What do wills reveal about kinship in the rural Heaton area of Lancashire between 1750-1858?

Davidson, Carol (2021). What do wills reveal about kinship in the rural Heaton area of Lancashire between 1750-1858? Student dissertation for The Open University module A826 MA History part 2.

This dissertation was produced by a student studying the Open University postgraduate module A826 MA History part 2. The research showcased here achieved a distinction.
Please note that this student dissertation is made available in the format that it was submitted for examination, thus the author has not been able to correct errors and/or departures from academic standards in areas such as referencing.
Copyright resides with the author.


The nature, value and character of kinship has been a fiercely debated topic for many decades and continues to be so. This dissertation was designed to examine whether wills would or could reveal the nature of kinship within a specific area of rural Lancashire. The surviving 140 wills during the period 1750-1858 were used as an entry point into the lives of the people in the villages of Bowlee, Little Heaton, Great Heaton and Rhodes Green, locales which had received no previous scholarly attention.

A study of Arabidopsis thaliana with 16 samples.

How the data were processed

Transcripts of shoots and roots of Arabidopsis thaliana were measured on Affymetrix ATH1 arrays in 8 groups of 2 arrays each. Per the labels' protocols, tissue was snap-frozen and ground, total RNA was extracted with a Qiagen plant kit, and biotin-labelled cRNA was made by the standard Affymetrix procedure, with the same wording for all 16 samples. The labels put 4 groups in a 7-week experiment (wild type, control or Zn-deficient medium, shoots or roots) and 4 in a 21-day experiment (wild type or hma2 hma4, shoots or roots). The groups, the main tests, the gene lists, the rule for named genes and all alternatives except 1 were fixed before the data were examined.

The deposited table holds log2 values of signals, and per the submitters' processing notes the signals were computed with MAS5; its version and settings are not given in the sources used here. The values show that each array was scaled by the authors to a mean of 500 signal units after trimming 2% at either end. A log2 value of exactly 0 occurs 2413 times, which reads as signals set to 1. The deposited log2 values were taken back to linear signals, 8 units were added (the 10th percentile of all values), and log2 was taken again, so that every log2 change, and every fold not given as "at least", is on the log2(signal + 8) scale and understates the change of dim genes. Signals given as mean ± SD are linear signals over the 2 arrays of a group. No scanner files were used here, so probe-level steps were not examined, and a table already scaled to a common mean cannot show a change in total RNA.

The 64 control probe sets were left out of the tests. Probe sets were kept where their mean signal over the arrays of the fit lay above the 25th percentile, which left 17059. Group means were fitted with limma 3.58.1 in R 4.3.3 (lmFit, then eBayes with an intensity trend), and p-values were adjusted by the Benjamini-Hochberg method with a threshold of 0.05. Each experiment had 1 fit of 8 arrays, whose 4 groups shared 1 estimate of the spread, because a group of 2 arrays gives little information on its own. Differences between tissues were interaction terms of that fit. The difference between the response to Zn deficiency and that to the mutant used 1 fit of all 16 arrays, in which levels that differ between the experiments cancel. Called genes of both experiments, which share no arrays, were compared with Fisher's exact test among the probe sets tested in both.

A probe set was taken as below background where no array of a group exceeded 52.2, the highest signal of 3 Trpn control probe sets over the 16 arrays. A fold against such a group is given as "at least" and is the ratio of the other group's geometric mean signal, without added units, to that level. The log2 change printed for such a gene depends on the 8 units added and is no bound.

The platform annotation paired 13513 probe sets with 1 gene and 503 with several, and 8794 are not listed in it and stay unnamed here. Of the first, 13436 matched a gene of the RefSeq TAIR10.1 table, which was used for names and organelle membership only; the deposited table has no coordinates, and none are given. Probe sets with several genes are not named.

The testators, executors, witnesses, and beneficiaries' names were all extracted from the wills and supplemented with all other available historical documents from the time period and area. Both quantitative and qualitative methodologies were used to evaluate these records. A database was developed from which the researcher was able to reconstruct families and kinship connections consanguineal, affinal and social. The relationships between the testators, their executors and beneficiaries were examined and compared with other studies where available.

The wills revealed that primogeniture seldom occurred, that fathers treated their children equally and sought to protect their daughters' inheritances from the doctrine of coverture. Both men and women valued their relationships and left bequests to maintain the status and financial security of their nuclear family as far as possible. The nuclear family was the most prominent, although it was flexible in form and expanded and contracted to meet the needs of the kinship group and community. The study concludes by suggesting that further research into wills in different geographical areas between 1800 and 1841 would be beneficial in order to compare and contrast results in an era very seldom explored.